Volkswagen CEO Diess gets green light to implement ambitious e-car plans
electrive.net / Der Spiegel
Volkswagen CEO Herbert Diess has prevailed in an internal power struggle at Germany's largest carmaker, allowing him to pursue the company's ambitious e-mobility agenda as planned, Cora Werwitzke writes for electrive.net. The Volkswagen board has pledged "unconditional support" for Diess's strategy that includes own battery cell production, charging infrastructure expansion and cooperation with other carmakers that can use Volkswagen's e-car chassis. The company board also announced that Volkswagen's main factory in Wolfsburg will be restructured to become a highly automated model factory for the carmaker's electric models.
In a different article on news website Der Spiegel, Simon Hage writes that Volkswagen regards its plans for the Wolfsburg factory as a direct response to the new Berlin factory of US e-carmaker Tesla, with Diess reportedly saying his company would strive to "keep track with Tesla and perhaps even outperform them here and there." As part of its response to Tesla's entry into the German market, Volkswagen aspires to reduce the production time of its flagship e-car model ID.3 by half to about ten hours.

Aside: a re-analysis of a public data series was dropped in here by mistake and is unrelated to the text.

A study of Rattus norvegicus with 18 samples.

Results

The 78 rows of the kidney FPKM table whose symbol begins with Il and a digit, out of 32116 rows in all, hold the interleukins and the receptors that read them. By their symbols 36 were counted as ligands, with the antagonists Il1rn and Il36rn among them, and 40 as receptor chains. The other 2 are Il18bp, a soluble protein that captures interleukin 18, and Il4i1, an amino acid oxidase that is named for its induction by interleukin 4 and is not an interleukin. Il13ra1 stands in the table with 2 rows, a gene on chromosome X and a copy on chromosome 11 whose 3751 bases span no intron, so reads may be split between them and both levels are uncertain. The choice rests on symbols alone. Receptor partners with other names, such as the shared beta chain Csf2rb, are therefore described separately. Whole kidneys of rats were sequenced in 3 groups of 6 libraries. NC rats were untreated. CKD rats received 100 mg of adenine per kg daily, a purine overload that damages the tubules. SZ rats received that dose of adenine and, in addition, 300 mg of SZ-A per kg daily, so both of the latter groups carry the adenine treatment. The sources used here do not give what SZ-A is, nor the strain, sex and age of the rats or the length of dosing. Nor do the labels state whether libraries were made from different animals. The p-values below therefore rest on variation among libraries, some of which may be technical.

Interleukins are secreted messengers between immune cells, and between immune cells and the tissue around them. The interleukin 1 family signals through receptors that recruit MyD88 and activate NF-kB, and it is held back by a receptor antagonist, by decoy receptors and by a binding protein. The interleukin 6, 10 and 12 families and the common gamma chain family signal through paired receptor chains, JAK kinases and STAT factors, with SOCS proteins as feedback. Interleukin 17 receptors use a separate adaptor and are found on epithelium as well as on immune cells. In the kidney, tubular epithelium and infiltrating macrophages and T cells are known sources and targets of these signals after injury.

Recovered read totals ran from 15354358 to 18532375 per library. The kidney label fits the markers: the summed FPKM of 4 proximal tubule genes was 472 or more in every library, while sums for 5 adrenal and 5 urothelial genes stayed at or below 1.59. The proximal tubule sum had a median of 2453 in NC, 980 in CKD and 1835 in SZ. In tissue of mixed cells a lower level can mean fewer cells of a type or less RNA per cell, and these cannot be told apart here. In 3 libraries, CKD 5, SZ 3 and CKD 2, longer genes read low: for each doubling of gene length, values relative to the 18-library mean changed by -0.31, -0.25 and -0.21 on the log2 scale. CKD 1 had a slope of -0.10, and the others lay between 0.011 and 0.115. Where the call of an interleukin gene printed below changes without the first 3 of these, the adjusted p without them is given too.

Diess has clashed with the company's works council in recent months, which feared that the CEO's push to transform Volkswagen into a fully-fledged e-carmaker and away from combustion engines will lead to significant job losses at the company. But a new study commissioned by VW suggests that the shift to e-mobility will lead to fewer job losses than previously feared. Volkswagen's 35-billion euro investment in e-mobility has also led to disputes with the car industry's umbrella organisation VDA, which contrary to its largest member insists that combustion engines powered with synthetic fuels will be needed in the future to achieve climate targets while maintaining the German car industry's competitiveness.